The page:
Girls and Guys Answer: Is Hookup Culture Actually Fulfilling?

This article is written by a student writer from the Her Campus at Cal Poly chapter.

Given the fact that we live in a college environment, one can almost expect hookup culture to be a prevalent part of our weekend routine. With an abundance of opportunities to gain a new partner–whether that be through a party, Tinder, or a frat house–if you are looking for hookups, you can likely find one. But is hookup culture actually fulfilling? Or is it just used to fill a void that too many of us seem to have?

Although men and women are usually presumed to have polar opposite views of things pertaining to sex, the girls and guys of Cal Poly all seem to have really interesting views of hookup culture on campus. While women are typically viewed as the more “emotional” ones when the sexes are compared to each other, the girls I interviewed took more of an emotionless stance on hookup culture, while the guys admitted to craving something a little more in the long term.

“It really just depends on the person,” one girl—we can call her “Noelle”—said. “It can be fulfilling at times, like during the hookup itself. Unless it was a terrible hookup; like I almost gave up after my last bad one.”

Noelle further explained that the reason she engages in hookup culture is because she doesn’t want to deal with a relationship and prefers to be emotionally detached, so she feels hookup culture is just something she has to be a part of. Although not all hookups are guaranteed to be good, she still feels like she gets something out of them in the end.

Another girl I interviewed—we can call her “Bri”—claimed to be incredibly fulfilled by hookup culture, and actually really enjoyed it.

“I like male validation, but I don’t want a boyfriend, so hookup culture gets me that,” Bri said. “I just don’t get feelings for guys since I never end up talking to them again. If the hookup is good though then I’ll hit them up again.”

Bri even said that she usually has a 50/50 shot at the hookup being good, which is astronomically higher than the perceived success rate of hookups in the eyes of most women. Surprisingly enough, the young men of Cal Poly don’t feel entirely fulfilled by hookup culture. “Dylan” relayed to me that he purely sees it as being fulfilling in the short term.

“It’s just something you do on a one night thing, it’s not something you really want to do for the rest of your life,” he said. “People are horny so they engage in hookup culture to get their fix. I definitely wouldn’t say I’m a hookup culture person though.”

Dylan’s friend, “Dallas,” chimed in and admitted that he’d “like to be a hookup culture person, but [he] doesn’t have any game.” Both friends further explained that how they feel after a hookup depends on who they were hooking up with.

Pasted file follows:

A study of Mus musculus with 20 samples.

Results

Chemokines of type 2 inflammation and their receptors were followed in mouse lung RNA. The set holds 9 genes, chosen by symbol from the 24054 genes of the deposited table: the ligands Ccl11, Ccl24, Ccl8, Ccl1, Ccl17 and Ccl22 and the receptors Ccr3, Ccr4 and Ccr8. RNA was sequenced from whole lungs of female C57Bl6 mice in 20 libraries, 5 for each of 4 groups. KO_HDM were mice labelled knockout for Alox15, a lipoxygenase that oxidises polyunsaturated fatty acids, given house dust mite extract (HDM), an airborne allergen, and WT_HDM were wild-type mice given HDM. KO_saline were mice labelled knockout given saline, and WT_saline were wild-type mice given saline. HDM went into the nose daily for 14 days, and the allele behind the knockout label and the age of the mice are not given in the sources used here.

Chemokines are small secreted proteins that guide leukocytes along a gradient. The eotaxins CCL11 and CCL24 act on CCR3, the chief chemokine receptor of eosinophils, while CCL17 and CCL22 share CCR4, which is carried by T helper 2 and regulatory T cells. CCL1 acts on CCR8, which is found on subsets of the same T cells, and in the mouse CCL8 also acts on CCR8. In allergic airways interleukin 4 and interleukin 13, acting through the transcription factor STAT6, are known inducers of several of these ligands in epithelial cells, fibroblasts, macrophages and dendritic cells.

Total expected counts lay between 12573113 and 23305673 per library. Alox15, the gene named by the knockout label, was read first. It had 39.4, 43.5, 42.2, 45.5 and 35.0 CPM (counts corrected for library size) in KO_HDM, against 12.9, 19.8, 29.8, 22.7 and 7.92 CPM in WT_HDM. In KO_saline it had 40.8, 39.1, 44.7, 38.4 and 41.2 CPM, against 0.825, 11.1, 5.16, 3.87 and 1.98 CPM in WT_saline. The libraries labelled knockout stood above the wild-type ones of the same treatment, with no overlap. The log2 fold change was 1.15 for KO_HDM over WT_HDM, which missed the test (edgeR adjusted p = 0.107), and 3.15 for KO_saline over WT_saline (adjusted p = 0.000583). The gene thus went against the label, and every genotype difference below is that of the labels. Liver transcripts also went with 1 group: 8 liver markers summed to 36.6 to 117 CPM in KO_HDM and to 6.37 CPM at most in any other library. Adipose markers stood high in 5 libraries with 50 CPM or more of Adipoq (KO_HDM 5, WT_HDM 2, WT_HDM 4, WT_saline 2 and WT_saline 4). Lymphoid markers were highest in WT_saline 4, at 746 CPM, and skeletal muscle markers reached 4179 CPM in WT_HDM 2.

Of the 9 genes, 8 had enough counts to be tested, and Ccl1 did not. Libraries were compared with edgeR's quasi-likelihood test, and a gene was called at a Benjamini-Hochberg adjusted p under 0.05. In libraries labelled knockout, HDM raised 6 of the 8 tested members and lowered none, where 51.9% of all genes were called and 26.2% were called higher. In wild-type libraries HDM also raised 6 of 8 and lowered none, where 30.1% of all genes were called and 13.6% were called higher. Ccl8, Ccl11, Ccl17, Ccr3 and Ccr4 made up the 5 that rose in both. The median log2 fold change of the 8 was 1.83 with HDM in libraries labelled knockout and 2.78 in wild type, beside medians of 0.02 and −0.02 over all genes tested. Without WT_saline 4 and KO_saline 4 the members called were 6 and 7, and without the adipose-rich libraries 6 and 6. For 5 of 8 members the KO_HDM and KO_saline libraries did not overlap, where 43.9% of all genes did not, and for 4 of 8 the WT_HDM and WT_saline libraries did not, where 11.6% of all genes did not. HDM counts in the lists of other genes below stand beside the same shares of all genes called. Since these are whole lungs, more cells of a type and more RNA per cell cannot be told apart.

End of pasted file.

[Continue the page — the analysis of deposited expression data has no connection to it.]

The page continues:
“If it’s someone I’ve been going after for a while, then the hookup just feels good,” Dallas said. This only further feeds into the idea that young men of today live for the chase when it comes to girls and relationships.

One interviewee—let’s call him “Nolan”—acknowledged that his participation in hookup culture is not because he particularly enjoys it or even finds it fulfilling.

“I think I mostly do it because I’m self-conscious, so then when I do it with someone I don’t actually like, I just feel bad about it the next day,” Nolan said. “I feel almost disappointed in myself for letting it happen. I don’t find it fulfilling, but I would say it fulfills my ego maybe. Meanwhile, my morals and conscious are like ‘yeah, you probably didn’t need to do that.’”

His friend, “Ian,” explained that he himself doesn’t like hookup culture in the slightest, so he chooses to not really engage in it to begin with.

“I cannot do something with someone without having an actual emotional attachment,” Ian said. “I don’t like hooking up with someone and not knowing if I can do anything with that person in the future. And not anything related to hookups, but just having a friendship and connection with that person. I just wouldn’t consider myself a hookup culture person.”

Now this begs the question: does hookup culture only work for individuals who identify as “hookup culture people?” Does that mean that if you consider yourself a relationship person, you’re most likely not going to get much out of hookup culture?

While trying new things and experiencing new people is essential to growing as a person, especially in college, hookup culture just might not be for everyone. Therefore, it really depends on the person when it comes to how fulfilling it may be.

Carisa Joyner

Cal Poly '25

Carisa is a first year English major. She wrote for her high school's online newspaper, the Veritas Shield, about politics, relationships, campus news, etc and worked as the Social Media Editor her Senior year. In her free time, Carisa enjoys going on little adventures with her friends, and sharing photos from her life on VSCO.